Does anyone here think this might have a performance benefit? I noticed that we have 32 texture slots to play with. If I wrote a texture manager to use all 32 slots (leaving recently used textures in inactive slots to reduce texture change overhead) and then changed the shader’s texture slot IDs to match, the extra slots could be used to keep textures from being needlessly brought in and put away almost like Carmack’s Megatexture. So if I used textures A, B, C, then A, then B, the engine would reuse the least fresh texture slots to cache A, B and C but when it went back to A and B it wouldn’t need to switch back to them; it’d just change the texture slot IDs exposed to the shader thus making it return to the previously loaded slots.
Would this have a performance benefit or would there be a downside to holding so many textures in cache? When it comes down to it, it’s intended to produce a similar outcome to Megatexture whilst keeping the images separate.
First of all, before you do such ‘optimizations’ please make sure that switching textures is actually the performance bottleneck in your engine. I can tell you, that today, you can do more than 2000 (non-redundant!) texture switches in a single frame and still have frame rates above 100fps.
Second, you seem to assume that binding a texture to a texture unit has anything to do with “bringing a texture into the cache”. Certainly not.
and then changed the shader’s texture slot IDs to match, the extra slots could be used to keep textures from being needlessly brought in and put away
You seem to think that it is faster to use glUniform() in order to change the sampler uniform instead of using glActiveTexture()/glBindTexture() in order to connect the shader to a certain texture object.
I don’t think, your approach will be any faster - the opposite, it might be a lot slower, since it is a code path that won’t be optimized much by the driver.
When it comes down to it, it’s intended to produce a similar outcome to Megatexture whilst keeping the images separate.
Megatexturing is the exact opposite of this approach. It is intended to fake a single huge texture that can be alot bigger than the available GPU memory.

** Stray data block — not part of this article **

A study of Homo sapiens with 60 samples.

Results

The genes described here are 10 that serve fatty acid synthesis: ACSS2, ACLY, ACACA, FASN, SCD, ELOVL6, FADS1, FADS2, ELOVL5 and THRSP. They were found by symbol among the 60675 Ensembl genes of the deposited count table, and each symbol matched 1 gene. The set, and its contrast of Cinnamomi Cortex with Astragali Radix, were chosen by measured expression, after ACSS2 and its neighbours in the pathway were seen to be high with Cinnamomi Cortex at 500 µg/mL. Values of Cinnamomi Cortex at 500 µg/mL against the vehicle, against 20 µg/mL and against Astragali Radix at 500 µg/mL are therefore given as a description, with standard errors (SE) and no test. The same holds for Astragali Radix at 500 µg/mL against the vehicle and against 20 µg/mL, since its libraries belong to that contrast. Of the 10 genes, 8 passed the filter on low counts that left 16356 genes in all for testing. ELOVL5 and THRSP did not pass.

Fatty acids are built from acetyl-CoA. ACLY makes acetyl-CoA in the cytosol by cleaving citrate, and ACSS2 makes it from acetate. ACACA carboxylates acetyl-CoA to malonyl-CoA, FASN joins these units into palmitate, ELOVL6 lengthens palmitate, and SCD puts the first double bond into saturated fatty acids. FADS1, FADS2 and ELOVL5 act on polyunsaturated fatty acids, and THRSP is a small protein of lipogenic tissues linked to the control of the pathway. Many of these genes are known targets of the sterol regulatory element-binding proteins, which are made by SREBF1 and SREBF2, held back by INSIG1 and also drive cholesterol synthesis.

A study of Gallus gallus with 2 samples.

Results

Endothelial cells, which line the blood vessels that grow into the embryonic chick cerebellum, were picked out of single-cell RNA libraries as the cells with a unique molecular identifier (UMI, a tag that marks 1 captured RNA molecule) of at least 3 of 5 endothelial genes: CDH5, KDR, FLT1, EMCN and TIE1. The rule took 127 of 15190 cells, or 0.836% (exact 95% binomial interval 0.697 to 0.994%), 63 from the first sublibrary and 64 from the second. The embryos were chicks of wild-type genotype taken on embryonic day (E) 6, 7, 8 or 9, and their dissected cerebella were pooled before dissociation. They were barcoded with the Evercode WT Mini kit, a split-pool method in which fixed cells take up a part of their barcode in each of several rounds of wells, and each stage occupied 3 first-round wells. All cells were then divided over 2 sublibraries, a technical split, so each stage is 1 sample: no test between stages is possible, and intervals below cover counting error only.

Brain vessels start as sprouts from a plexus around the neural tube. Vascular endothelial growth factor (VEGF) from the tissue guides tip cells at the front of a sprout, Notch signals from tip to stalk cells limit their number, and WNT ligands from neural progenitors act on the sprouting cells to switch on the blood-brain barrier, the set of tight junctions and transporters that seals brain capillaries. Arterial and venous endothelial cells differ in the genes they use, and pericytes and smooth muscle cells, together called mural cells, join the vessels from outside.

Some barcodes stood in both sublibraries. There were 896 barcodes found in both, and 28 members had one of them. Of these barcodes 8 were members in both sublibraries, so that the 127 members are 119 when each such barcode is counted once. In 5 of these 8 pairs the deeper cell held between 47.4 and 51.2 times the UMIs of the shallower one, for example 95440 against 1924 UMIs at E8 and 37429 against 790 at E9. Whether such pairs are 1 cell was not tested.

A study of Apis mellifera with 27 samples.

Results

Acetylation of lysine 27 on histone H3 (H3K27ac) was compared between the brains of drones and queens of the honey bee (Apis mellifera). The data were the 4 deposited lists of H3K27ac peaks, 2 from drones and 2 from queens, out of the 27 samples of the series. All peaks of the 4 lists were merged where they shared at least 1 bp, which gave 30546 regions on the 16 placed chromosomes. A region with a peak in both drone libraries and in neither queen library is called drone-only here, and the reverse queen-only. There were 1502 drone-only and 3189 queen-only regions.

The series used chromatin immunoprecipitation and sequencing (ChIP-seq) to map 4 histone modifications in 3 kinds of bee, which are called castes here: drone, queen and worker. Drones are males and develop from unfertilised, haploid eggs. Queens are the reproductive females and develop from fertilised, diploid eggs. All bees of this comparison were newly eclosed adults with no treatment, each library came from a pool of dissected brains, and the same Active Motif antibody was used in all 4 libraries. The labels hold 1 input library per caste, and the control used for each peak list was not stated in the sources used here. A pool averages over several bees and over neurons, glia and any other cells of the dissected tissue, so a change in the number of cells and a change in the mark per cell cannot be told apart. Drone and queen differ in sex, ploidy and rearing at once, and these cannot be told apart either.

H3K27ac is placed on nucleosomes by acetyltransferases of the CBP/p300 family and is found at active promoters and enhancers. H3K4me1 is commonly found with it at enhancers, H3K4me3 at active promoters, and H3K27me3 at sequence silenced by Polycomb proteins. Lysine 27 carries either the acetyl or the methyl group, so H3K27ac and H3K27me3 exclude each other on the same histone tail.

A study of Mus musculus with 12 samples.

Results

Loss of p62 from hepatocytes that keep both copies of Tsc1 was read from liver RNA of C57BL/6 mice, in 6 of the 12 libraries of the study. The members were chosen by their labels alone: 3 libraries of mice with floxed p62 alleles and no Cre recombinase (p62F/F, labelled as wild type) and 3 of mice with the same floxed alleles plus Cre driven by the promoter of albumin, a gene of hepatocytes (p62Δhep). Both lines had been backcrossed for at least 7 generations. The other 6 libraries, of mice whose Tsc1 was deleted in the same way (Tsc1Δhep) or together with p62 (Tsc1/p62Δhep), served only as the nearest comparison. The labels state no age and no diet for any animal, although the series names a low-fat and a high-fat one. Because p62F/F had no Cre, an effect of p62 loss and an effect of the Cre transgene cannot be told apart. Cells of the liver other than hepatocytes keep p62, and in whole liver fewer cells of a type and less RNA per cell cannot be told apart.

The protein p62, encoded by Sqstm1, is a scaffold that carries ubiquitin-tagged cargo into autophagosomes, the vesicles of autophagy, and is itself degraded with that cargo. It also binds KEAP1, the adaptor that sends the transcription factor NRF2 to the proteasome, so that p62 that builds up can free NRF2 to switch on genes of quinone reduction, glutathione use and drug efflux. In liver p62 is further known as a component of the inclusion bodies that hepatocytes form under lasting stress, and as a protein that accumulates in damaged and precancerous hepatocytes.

You approach would suffer from the same problems any tiled approch had: memory limitations, geometry restrictions (must be splitted at tiles) and special handling at tile borders.
The way texture cache work is only by accessing texture data. Every texels fetched are saved into the GPU cache to hopefully be reused. What specific with texture cache rather that any cache it that the texture memory is in someway twiddle used the z-order http://en.wikipedia.org/wiki/Z-order_(curve) or as least group by block of pixel, like the 4x4 pixel blocks of DXT format which increase the cache reuse and allow to fetch data big enough.
A GPU (and actually CPU as well) can’t fetch 32 bits in the middle of the texture just like that. It fetches a minimum length of data. If for example this minimum length is 64 bits if we only want 32 bits we are going to actually fetch from memory 64 bits. Hence it’s necessary to make the best of cache reuse to limit bandwidth wastes.
I wouldn’t rely on having 32 texture slots either. OpenGL has defines for up to 32, but that doesn’t mean that the full 32 can be guaranteed to be available (and even if so there may be restrictions, like you can do 32 texture lookups but only have 8 unique textures (i.e. each texture can have up to 4 lookups)).
I wouldn’t rely on having 32 texture slots either.
Why not? The OpenGL 3.2 specification states that the minimum number of texture image units in each shader stage is 16. That means you can have 16 samplers in your vertex shader, 16 samplers in your geometry shader, and 16 samplers in your fragment shader, for a combined total of 48. This is the minimum that a 3.2 compliant implementation will provide.
4.0 increases this to 80, due to the addition of 2 new shader stages, each providing a minimum of 16 image units.
Unless you’re using a lower version of OpenGL, you can assume that you have at least this much room for textures.
Granted, I seriously doubt that the OP’s plan will improve performance.
(and even if so there may be restrictions, like you can do 32 texture lookups but only have 8 unique textures (i.e. each texture can have up to 4 lookups)).
Note that these limitations only exist in pre-GL 3.0 hardware. And even then, only in ATI versions of pre-GL 3.0 hardware. Nowadays, you can reasonably expect to do texture sampling as much as you want.